Buzz Kill

peaceI will not be one of the many people standing in line to see 50 Shades of Grey this weekend.  And, before there is a ton of backlash, I’m not judging individuals in loving, caring respectful relationships nor what they enjoy in their own private time together.  However, I am deeply concerned about the messages this movie is sending all impressionable men and women as well as the impact it’s having on our global culture.

It has taken us years to break down the stigma of the airbrushed fantasy and educate the men who think those images are natural and normal, as well as heal the damage caused to generations of women striving for the impossible because they’ve been taught anything less is unlovable.  In this movie we are visually capturing and romanticizing behaviors that set both men and women up for failure.  I know this material has been in steamy books, but there is something really powerful for humans when the visual cortex is stimulated the way soft porn does.  Compounding the influence is that we take away the limits of one persons imagination, which is applied when reading a book, and make another persons imagination a reality for thousands when we put it on film.  Lastly, we all know that this movie is fantasy, but history has taught us that all forms of media are highly influential, highly suggestive, and when absorbed by those with immature mental and/or emotional capacity or by those who have been hurt, wounded or compromised to a point where their self-esteem is damaged, it becomes one more tool by which an individual measures and weighs themselves or worse.  The worse?  A culture that accepts these behaviors as a standard for a new cultural norm.

I’m not just worried about the girls who will think that doing anything a man wants will earn them love or those who will use substances in order to be OK with the behaviors that they think will make them lovable — because those are the messages this movie sends.  But also the boys and men who will feel as though the elements of power presented in this story are the measures of success that they must apply against themselves.  That to get the girl and get the high-powered roles in life this is who you have to be and how you have to behave, and that anything less is failure.  These are horrible messages that we are perpetuating through this film, and sadly, through many others.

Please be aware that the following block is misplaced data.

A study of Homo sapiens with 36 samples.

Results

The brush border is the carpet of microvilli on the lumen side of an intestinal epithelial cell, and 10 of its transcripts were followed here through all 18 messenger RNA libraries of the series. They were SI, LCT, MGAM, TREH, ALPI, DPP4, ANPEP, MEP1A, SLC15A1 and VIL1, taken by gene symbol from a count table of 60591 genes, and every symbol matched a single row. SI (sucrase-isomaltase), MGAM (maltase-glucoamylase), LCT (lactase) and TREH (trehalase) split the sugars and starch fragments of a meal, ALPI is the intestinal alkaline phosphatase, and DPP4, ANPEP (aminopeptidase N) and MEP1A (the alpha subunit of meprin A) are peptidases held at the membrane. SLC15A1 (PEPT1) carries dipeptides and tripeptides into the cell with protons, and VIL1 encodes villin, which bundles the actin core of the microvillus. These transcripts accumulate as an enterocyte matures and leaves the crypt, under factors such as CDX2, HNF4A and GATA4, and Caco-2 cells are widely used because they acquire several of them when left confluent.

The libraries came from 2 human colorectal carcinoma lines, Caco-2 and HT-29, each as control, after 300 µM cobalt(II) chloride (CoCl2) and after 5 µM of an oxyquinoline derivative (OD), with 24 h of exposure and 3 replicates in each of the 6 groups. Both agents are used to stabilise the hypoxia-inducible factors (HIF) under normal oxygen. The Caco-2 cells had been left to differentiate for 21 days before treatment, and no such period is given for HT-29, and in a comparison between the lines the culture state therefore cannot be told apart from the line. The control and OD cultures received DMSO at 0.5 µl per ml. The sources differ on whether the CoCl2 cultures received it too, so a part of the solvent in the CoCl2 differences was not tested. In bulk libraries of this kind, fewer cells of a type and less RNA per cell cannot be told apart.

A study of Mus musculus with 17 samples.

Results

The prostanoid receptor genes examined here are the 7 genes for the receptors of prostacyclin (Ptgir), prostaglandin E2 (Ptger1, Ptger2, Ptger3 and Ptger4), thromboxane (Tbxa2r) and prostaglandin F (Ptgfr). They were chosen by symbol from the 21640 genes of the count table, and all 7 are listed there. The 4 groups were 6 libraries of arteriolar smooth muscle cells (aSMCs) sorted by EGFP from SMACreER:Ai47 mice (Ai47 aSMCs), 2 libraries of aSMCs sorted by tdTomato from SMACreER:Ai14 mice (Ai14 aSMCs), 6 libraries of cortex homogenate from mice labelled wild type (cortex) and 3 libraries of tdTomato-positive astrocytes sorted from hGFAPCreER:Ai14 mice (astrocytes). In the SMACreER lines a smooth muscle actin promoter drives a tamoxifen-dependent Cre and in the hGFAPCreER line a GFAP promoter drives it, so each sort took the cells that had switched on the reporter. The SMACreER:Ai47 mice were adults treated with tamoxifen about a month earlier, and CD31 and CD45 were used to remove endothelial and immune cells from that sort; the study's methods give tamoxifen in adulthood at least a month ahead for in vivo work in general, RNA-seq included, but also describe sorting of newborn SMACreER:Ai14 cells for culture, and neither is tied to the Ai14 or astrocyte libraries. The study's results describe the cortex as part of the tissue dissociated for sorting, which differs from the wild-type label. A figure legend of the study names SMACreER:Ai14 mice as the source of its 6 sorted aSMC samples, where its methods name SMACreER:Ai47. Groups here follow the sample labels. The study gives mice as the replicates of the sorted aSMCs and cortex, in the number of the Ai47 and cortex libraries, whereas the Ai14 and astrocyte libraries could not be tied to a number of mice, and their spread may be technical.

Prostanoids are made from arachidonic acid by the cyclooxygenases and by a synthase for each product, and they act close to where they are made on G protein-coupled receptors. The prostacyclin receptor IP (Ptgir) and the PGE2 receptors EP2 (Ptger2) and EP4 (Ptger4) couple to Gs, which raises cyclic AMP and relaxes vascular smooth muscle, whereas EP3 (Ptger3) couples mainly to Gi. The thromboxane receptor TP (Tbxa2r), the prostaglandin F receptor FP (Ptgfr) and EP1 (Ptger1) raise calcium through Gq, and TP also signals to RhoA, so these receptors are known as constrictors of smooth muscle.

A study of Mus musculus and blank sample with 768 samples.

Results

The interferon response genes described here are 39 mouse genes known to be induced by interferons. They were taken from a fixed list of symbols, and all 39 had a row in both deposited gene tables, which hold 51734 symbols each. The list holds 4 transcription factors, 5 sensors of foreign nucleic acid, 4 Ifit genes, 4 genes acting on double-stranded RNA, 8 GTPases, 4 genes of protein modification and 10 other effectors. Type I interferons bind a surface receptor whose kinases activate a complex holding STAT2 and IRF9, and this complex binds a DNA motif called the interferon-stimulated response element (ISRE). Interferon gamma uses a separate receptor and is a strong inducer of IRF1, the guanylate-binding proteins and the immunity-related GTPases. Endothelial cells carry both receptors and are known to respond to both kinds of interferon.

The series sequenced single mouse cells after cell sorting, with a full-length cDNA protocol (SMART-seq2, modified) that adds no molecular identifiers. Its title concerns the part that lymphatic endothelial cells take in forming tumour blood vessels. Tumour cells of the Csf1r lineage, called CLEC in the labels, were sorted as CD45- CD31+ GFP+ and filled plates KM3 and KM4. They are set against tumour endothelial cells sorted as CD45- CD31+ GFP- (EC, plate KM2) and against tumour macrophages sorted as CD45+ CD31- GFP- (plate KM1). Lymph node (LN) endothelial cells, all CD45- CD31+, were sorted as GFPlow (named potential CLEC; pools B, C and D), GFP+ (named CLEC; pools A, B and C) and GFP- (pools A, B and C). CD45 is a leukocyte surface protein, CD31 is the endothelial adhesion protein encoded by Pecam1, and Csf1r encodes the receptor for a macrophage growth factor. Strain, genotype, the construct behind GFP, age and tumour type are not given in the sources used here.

I am aware that there have been other movies equally as graphic in nature, so why are so many people concerned about this movie?  Because there are movies, books, television shows and personalities that in one moment in time cause a cultural shift.  Their attitude, power, or influence are so enticing or provocative that their messages became the new normal.  I’m not worried that every household globally will have a secret S&M room, I’m more concerned that we are adding to the culture of unrealistic expectations and undoing decades of work around equality and respect.  It keeps me up at night that we continue to bombard humanity with messages that highlight an unbalanced perspective of human nature and we feed on those messages because they satisfy the most basic and instinctual parts of our brains.  It’s not just thumbs that set humans apart in the animal kingdom, but the ability to cultivate reason and emotional capacity.  When we support messages of violence, disrespect and degradation, are we catering to our highest capacity as humans?

In an age where we are still losing the fight against domestic violence, human trafficking and rape, and in which high suicide rates among our young people are prevalent, why do we participate in ANYTHING that perpetuates dominance over women or which sends messages to our men that this kind of behavior is not only acceptable but desired and OK?

It’s important to state again that I’m not judging anyone who sees the movie nor the actions any two people lovingly and mutually respectfully undertake together.  But neither of those messages are sent through this and so many other movies.


I have been a life coach and meditation teacher since 1999. More importantly, for me, I have had the pleasure of being a mom for 20 years. But what really defines me is my passion for living an authentic life. I have a friend who calls me "Buddhist with and edge." I'm not a practicing Buddhist, but it sums up my approach to life quite nicely. Thank you for stopping by and ENJOY!

  1. Kat says:

    I think you definitely make some very valid points here. I don’t believe that this book/movie is depicting a true and consensual BDSM lifestyle. Which is where I think the fault lies. And what might lead to the belief that if I guy suggests it, as a woman you do it.

    That said, it’s by far, not the raunchiest, or the most sexual, nor the most BDSM-y, movie to have graced our big screens. Which doesn’t make it more or less “right” or “disrespectful” of movies we’ve seen or books we’ve read (or at least books I’ve read and movies I’ve seen — thank you Cinemax LOL) during our young adult lives.